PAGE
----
Local experts unconvinced by Vicar Street reports

Sam Matthews

Reporter:

Sam Matthews


Renowned historian John Bradley has described as ‘speculative’ the conclusion of the latest reports on the buildings of Vicar Street.

Mr Bradley, a senior lecturer in NUI Maynooth and a respected authority on Medieval Kilkenny, says the reports published last Thursday contain little new evidence. He remains convinced that one of the buildings is of significant historical value.

“In my view, what we are being asked to believe is that instead of No 22 Vicar street being a ‘bona fide’ Medieval structure, that it is instead some type of 18th/19th Century replica of a Medieval house – one that was somehow fitted out with an original Medieval window and an original Medieval chimney flue,” said Mr Bradley.

“I do not accept this interpretation, nor do other authorities on Medieval buildings. And I remain steadfast in my opinion that this is a Medieval structure, part of one of the last surviving Cathedral manse houses in Ireland, and an archaeological site deserving of preservation as a national monument.”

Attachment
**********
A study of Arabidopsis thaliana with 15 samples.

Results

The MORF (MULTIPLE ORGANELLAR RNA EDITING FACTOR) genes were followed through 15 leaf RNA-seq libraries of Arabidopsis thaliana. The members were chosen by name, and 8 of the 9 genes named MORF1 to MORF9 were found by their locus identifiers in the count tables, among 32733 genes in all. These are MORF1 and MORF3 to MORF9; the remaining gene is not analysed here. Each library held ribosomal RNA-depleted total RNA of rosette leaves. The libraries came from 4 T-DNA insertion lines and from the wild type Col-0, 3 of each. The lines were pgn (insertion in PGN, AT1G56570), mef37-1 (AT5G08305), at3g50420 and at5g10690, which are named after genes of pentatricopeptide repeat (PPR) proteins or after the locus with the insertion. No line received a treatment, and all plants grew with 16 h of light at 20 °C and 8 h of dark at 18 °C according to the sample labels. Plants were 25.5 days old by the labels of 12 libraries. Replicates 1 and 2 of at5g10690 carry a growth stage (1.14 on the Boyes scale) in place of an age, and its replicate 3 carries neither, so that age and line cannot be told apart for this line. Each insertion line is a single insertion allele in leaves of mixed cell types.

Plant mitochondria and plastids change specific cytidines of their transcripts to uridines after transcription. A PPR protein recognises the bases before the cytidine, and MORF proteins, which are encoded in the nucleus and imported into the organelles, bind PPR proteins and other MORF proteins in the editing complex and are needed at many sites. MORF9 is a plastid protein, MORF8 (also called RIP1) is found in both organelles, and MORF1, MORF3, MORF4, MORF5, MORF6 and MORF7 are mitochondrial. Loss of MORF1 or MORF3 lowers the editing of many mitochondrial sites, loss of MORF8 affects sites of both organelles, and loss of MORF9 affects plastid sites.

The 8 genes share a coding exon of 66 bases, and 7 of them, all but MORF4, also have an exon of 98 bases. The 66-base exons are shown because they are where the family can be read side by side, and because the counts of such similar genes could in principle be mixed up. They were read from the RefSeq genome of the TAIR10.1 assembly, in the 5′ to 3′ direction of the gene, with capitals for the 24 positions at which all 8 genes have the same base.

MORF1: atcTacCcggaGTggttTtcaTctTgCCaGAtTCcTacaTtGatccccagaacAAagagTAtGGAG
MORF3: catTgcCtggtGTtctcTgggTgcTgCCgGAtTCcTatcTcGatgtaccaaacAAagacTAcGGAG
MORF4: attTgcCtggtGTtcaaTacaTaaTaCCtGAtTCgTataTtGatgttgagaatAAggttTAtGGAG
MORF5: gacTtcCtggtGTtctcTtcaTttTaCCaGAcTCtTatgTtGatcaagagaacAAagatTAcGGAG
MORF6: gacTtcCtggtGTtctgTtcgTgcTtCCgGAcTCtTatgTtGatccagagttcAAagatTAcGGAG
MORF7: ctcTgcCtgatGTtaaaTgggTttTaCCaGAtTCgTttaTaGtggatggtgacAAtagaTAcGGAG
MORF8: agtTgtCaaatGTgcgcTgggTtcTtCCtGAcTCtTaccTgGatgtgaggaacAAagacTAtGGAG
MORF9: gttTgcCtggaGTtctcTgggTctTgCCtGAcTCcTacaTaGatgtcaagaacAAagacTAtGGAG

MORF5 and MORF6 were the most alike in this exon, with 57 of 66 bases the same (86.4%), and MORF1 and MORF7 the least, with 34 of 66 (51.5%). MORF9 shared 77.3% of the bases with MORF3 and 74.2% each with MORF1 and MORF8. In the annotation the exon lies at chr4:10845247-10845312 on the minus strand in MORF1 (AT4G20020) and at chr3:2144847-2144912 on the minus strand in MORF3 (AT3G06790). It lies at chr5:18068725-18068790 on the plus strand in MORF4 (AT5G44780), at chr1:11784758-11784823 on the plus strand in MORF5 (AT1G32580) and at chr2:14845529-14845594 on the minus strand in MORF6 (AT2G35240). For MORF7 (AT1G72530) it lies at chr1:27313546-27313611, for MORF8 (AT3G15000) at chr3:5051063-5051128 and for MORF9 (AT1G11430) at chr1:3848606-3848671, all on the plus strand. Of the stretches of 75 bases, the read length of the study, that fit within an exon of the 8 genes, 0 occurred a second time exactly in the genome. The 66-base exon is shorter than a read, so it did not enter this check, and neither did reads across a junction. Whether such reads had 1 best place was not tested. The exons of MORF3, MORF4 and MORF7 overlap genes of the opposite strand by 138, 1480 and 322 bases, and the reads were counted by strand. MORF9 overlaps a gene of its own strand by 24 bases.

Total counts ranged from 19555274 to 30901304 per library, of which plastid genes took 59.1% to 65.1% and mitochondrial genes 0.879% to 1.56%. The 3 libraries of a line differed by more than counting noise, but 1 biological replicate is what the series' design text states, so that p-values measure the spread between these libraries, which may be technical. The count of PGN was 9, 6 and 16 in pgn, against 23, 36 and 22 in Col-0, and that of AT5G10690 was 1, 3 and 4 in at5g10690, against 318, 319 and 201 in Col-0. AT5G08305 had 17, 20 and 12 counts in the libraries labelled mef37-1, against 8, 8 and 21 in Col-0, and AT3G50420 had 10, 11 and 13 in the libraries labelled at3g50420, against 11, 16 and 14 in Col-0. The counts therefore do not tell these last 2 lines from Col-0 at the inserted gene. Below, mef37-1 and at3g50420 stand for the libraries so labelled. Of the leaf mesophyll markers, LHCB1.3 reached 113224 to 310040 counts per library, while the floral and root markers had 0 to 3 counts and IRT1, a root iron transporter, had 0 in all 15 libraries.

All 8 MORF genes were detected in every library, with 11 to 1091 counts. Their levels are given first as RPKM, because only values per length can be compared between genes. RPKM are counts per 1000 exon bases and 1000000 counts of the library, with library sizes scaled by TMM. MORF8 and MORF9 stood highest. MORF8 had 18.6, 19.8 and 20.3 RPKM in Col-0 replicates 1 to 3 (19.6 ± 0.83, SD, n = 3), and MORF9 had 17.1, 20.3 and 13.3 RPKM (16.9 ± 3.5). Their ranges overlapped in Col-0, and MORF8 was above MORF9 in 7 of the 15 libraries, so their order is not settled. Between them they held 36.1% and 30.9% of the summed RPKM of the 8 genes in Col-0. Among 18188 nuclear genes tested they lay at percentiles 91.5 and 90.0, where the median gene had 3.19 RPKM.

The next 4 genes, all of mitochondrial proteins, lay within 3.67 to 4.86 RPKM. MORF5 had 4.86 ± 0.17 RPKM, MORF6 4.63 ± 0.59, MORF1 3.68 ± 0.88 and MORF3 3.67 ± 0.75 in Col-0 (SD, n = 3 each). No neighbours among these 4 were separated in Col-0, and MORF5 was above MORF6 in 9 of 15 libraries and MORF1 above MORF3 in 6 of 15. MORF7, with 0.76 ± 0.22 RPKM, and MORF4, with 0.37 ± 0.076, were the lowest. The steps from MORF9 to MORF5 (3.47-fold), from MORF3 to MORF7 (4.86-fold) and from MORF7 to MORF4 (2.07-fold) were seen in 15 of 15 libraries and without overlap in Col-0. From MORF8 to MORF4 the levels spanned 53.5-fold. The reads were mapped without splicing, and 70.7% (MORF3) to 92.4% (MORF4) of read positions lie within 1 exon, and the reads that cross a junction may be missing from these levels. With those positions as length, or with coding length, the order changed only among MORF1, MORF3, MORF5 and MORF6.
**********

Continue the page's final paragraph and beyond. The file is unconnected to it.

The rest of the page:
Mr Bradley’s comments were echoed by local archaeologist Cóilín Ó Drisceoil, who is not satisfied with the methods employed by the council’s consulant archaeologists Valerie J Keeley. The report concluded that the earliest remains found there dated from the late 17th/early 18th Century, but Mr Ó Drisceoil contends that the trenches dug were not extensive enough.

“The consultants say that there is no medieval archaeology on the site,” he said.

“However, in my view, this is directly contradicted by their own interim report obtained through Freedom of Information last month, which records the presence of a 13th-14th Century stone cess pit (toilet) at Vicar Street. Furthermore, none of the trenches opened by the archaeologists exceeded 1.2m in depth and medieval archaeology in the city almost always occurs at a much deeper level.

“There can be little doubt that archaeology dating from this period is buried on the site, but if it is not looked for, then obviously it won’t be found.”

Both Mr Ó Drisceoil and

Mr Bradley have once again called on the local authorities to halt any further work on the proposed Central Access Scheme.